To succeed in your study, it will be important to understand:

  • the School of Education’s expectations
  • the resources available to help you meet these expectations
  • what support is offered if you experience study troubles.

Find answers to commonly asked questions about studying your Bachelor of Education with Curtin OUA.

If you have more questions, or would like further detail, please comment below.

How much support can I expect from my tutor?

Assistance for assessments is usually provided through:

  • material posted on Blackboard (assessment rubrics, breakdowns of assessments etc)
  • Q&A on discussion boards
  • sometimes through targeted Collaborate sessions
  • sometimes, Tutors may respond to specific emailed questions
  • sometimes a UC may produce a specific FAQ wiki for assessments
  • and of course the written feedback you get in each assessment.

Usually, your assessment will be marked up (punctuation, grammar, writing, ideas) and have a general comment which will point out the things you’ve done well, and something at which you could improve.

Where can I access information and resources for effective study?

Students will also be able to inform themselves by becoming familiar with some key documents and web pages, as follows:

Grammarly: Improve grammar and vocabulary skills with Grammarly’s instant online assignment feedback.

Face-to-face or Online consultations with academic study skills advisors: Book a personalised study skills development appointment with a writing or numeracy advisor during semester periods.

Online Study Skills Programs: Brush up on your academic study and writing skills through a collection of on-demand online interactive tutorials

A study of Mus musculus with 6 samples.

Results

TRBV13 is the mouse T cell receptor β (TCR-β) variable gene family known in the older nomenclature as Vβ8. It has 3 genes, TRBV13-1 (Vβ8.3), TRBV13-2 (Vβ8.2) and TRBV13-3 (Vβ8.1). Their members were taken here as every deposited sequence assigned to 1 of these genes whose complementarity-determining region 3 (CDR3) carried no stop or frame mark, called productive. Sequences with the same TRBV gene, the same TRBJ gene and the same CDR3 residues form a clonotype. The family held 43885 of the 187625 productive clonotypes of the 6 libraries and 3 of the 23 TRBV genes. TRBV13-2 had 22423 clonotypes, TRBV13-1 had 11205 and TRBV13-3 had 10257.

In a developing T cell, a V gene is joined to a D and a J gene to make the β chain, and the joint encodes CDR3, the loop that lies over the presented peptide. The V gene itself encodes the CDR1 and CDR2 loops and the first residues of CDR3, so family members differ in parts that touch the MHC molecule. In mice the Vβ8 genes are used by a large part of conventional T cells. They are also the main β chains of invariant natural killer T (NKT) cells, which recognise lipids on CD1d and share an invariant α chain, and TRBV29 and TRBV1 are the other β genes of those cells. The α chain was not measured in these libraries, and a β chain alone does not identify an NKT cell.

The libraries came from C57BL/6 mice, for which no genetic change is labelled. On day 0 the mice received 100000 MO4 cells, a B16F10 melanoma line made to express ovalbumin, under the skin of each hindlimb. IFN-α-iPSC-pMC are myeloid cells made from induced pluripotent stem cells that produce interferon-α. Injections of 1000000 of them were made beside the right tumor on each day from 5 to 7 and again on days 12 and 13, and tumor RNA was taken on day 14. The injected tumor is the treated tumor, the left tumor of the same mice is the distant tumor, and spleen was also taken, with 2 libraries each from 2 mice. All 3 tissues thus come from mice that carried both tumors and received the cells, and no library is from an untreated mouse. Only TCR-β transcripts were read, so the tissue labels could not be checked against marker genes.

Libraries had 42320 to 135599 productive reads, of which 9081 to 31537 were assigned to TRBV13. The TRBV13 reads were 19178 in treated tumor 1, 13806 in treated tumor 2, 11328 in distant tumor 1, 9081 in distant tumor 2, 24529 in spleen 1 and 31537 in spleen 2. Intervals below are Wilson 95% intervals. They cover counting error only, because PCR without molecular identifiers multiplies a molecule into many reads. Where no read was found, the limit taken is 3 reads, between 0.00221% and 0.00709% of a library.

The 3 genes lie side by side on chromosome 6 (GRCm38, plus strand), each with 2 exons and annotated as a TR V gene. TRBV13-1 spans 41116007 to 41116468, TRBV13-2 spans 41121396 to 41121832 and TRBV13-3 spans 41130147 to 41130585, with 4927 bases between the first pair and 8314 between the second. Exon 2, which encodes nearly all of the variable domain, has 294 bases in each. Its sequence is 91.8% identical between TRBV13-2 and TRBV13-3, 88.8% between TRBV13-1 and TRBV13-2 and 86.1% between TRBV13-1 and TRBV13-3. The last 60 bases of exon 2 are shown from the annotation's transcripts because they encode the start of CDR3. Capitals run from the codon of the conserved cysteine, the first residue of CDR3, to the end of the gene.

For access to extra study assistance from Curtin University.
For Curtin University’s helpful Library Guides.

Where can I access support to develop effective academic writing?

Good academic writing will be a keystone for your progress though your course. If you want to, or need to , or been told you need to  improve, then there are a number of services you might access.

Smarthinking through OUA
This service is designed to supplement students’ learning experiences while studying at Open Universities Australia. Students are linked to a service administered outside the Blackboard environment and independent of Curtin University and OUA. Smarthinking enables students to connect to a tutor 24 hours a day, 7 days a week. More information is available on Blackboard. Note that Smarthinking tutors do not have any details relating to assessment tasks and so the help they offer may not align with actual assessment requirements.

For assistance contact the OUA Student Advisors by email or by telephone +61 03 8628 2555.

Curtin Learning Centre
Comprehensive support for many aspects of students’ learning is offered through face to face and online resources via the Learning Centre.

Curtin UniEnglish
This website has been designed to support students whose first language is not English. The Curtin University UniEnglish website contains English language resources, activities, support information, and links to diagnostic assessment tests.

Online automated writing feedback is available free with Grammarly for Curtin students via this link:

Online Learning Support
Students are able to also book online learning support.

What will happen if I fail a unit?

Should you fail a unit, you are put on Conditional Status in terms of your course as a whole. More fails will lead to a discussion re termination of your enrolment.

It is best to re-apply quickly and redo the unit as soon as possible (and pass it!)

How should I correctly reference my work?

Correct Referencing
Referencing your work correctly is seen as very important. Both end text and in text referencing is important. The referencing style for the School of Education is APA 6th Ed.
More information can be found on this style from the Library web site.

Use this resource to help reference the Australian Curriculum.

What should I do if my tutor tells me my work has not been properly referenced?
Poor in-text referencing can contribute to plagiarism. Plagiarism is a serious offence.
Plagiarism occurs when work or property of another person is presented as one’s own, without appropriate acknowledgement or referencing.

Student guidelines for avoiding plagiarism can be found here or at the Academic Integrity site.

Work submitted may be subjected to a plagiarism detection process, which may include the use of systems such as ‘Turnitin‘.